Thursday, April 29, 2010

Appalachian Chic

I learned about Detroitblog from Aaron Renn, whose Urbanophile brand has gone viral. I would characterize Detroitblog as an urban anthropology of Detroit's frontier. Anthropologists like places that seem stuck in time. I'm sure most of these social scientists would appreciate Detroit's Little Appalachia:

When World War II ended and the auto factories stopped making tanks and started making cars again, Appalachians fleeing life in the coal mines poured into town along what became known as the “Hillbilly Highway.”

They showed up in droves, seeking work and settling together in older Detroit neighborhoods or in growing suburbs such as Taylor and Hazel Park, which sometimes still gets called “Hazeltucky” — a nickname that’s no compliment.

The new arrivals were looked down upon, often considered backward. Their homes were called eyesores. Landlords sometimes refused to rent to them, fearful that dozens more would follow into the neighborhood. A survey conducted by Wayne State University in 1951 asked Detroiters to identify “undesirable people” in the city. “Poor Southern whites” and “hillbillies” were in a near tie with “criminals and gangsters” at the top of the list, well ahead of “transients,” “Negroes” and “drifters.”

I hope you'll take notice of the lumpy migration pattern. I think we tend to overlook the relationship between Appalachia and the Rust Belt. Upwardly mobile blue collar workers like to look down upon those toiling in the industrial colony. The problem with this distinction is that Appalachia has its own manufacturing heritage:

5. Instead of being tied to the land, jobs in the towns tend to emphasize industry and services—important signs of a more diversified economy. However, aside from the major urban centers along its perimeter, the entire Appalachian region still suffers from population decline and the loss of younger residents to the cities.Towns closer to the major highways and nearer to the many larger cities fringing the region (Pittsburgh, Columbus, Cincinnati, Atlanta) are disproportionately better-off than rural regions in the mountainous interior.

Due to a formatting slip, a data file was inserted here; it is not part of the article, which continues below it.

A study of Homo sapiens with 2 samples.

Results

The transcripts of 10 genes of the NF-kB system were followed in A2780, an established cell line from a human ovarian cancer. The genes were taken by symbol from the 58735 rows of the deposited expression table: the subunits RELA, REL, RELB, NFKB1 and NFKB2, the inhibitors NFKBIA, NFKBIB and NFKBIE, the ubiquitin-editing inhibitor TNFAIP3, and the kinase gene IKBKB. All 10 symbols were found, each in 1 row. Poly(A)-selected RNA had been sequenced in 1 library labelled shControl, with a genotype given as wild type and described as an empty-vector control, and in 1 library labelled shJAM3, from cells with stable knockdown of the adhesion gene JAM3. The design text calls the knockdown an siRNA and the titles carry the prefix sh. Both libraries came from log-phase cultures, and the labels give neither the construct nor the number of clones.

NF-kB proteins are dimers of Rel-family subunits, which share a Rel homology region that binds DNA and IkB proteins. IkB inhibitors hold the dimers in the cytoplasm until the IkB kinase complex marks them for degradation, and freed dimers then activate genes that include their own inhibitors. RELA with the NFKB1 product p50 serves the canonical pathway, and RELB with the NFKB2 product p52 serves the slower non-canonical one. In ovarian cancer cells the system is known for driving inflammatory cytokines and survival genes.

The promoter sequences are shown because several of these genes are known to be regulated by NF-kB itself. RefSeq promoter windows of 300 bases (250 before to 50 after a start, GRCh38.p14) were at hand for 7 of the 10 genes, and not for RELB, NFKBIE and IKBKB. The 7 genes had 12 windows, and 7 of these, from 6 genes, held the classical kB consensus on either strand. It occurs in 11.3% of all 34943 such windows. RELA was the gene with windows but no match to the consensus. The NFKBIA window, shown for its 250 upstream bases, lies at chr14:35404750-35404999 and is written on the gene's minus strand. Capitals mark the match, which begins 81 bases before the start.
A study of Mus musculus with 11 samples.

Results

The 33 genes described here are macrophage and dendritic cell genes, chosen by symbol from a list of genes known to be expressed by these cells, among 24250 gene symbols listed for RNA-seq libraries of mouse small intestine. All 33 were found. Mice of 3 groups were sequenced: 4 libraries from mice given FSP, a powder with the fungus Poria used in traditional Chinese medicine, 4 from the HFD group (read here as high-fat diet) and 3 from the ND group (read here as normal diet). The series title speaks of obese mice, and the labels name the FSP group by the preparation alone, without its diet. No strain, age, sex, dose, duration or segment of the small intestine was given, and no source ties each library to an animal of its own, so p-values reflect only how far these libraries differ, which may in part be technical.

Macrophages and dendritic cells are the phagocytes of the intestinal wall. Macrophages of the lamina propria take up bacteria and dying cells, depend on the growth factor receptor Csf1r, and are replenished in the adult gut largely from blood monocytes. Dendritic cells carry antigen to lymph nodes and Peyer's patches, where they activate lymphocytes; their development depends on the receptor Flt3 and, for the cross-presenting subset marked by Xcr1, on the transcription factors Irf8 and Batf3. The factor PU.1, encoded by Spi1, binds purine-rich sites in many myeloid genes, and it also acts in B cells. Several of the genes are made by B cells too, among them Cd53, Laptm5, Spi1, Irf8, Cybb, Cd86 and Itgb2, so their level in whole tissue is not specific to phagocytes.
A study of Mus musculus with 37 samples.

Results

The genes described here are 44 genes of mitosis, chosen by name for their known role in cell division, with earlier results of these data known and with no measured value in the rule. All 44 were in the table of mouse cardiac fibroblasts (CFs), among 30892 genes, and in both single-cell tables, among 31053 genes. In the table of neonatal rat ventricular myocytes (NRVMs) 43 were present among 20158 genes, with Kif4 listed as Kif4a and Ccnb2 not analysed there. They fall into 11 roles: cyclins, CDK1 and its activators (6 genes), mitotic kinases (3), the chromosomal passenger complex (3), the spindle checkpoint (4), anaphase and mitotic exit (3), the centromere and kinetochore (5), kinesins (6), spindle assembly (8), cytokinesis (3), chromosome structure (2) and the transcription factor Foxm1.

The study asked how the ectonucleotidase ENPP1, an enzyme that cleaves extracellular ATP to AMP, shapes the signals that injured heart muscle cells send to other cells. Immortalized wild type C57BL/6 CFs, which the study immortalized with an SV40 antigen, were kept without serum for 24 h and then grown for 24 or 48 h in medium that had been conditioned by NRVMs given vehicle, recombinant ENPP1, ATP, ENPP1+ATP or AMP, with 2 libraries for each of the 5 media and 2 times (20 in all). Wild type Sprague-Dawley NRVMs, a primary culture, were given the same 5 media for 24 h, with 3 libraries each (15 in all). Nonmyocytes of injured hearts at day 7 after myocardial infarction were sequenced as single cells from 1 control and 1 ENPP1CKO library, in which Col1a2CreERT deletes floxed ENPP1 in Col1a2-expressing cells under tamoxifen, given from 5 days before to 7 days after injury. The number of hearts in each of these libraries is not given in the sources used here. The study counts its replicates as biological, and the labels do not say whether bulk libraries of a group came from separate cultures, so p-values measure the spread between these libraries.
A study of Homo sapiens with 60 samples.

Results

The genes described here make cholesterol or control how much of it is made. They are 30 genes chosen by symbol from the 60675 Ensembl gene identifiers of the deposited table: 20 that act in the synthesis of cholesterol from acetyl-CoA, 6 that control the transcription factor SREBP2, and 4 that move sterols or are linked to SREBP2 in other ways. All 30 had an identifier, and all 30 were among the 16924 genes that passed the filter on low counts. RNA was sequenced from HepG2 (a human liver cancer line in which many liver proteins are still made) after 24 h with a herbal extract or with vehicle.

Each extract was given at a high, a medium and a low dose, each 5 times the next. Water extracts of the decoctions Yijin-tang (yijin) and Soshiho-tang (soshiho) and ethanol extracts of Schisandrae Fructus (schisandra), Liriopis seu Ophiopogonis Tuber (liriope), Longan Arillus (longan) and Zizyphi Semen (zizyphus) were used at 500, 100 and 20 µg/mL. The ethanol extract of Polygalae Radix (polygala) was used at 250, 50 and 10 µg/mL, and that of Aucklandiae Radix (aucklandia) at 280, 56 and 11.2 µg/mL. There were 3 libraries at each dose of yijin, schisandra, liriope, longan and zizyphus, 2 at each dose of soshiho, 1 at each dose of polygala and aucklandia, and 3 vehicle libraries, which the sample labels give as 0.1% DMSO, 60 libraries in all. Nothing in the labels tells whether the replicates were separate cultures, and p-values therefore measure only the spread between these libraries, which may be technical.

The bulk of the economic transformations for the region occur in the periphery, not the core. One can easily divorce prosperity from the cultural hearth. But the recent success of Appalachia's urban ring is hard to dismiss as mere coincidence. An Appalachian neighborhood in Detroit stands out a lot more than one in Pittsburgh.

Cities that straddle national cultural fault lines tend to do well economically. It's a cosmopolitan proxy. These shatterbelts attract top talent from at least two cultural caches. Only the brightest and most motivated manage the migration. Intrinsically, these people are entrepreneurs. They think like immigrants.

If you are looking for the next boomtown, then take a gander at the southern end of the Appalachian periphery:

Overall, the Governor's Office of Planning and Budget expects the population of the 10-county area of Northwest Georgia to add about 495,000 people by 2050. The growth would push the region's current population of 521,000 to more than 1 million.

Dr. Douglas Bachtel, a professor of housing and consumer economics at the University of Georgia, said the area's scenic beauty, climate and proximity to both metro Atlanta and Chattanooga -- coupled with jobs and affordable housing -- will draw people to the area.

"You've got all of those factors drawing to North Georgia like a magnet," Dr. Bachtel said.

Atlanta is busy spilling over into Chattanooga and Greenville, SC, opening up this end of the ancient mountain chain. For those who claim I'm in the business of bashing the Sun Belt, think again. I'm an unabashed booster of the Appalachian urban periphery. This part of the Rust Belt is experiencing a remarkable economic transformation.

1 comment:

jenna said...

Anecdotally, I hear from a salesperson who has been stumping the areas around there for the last 5 years and he states that busines has gone from spotty to steady.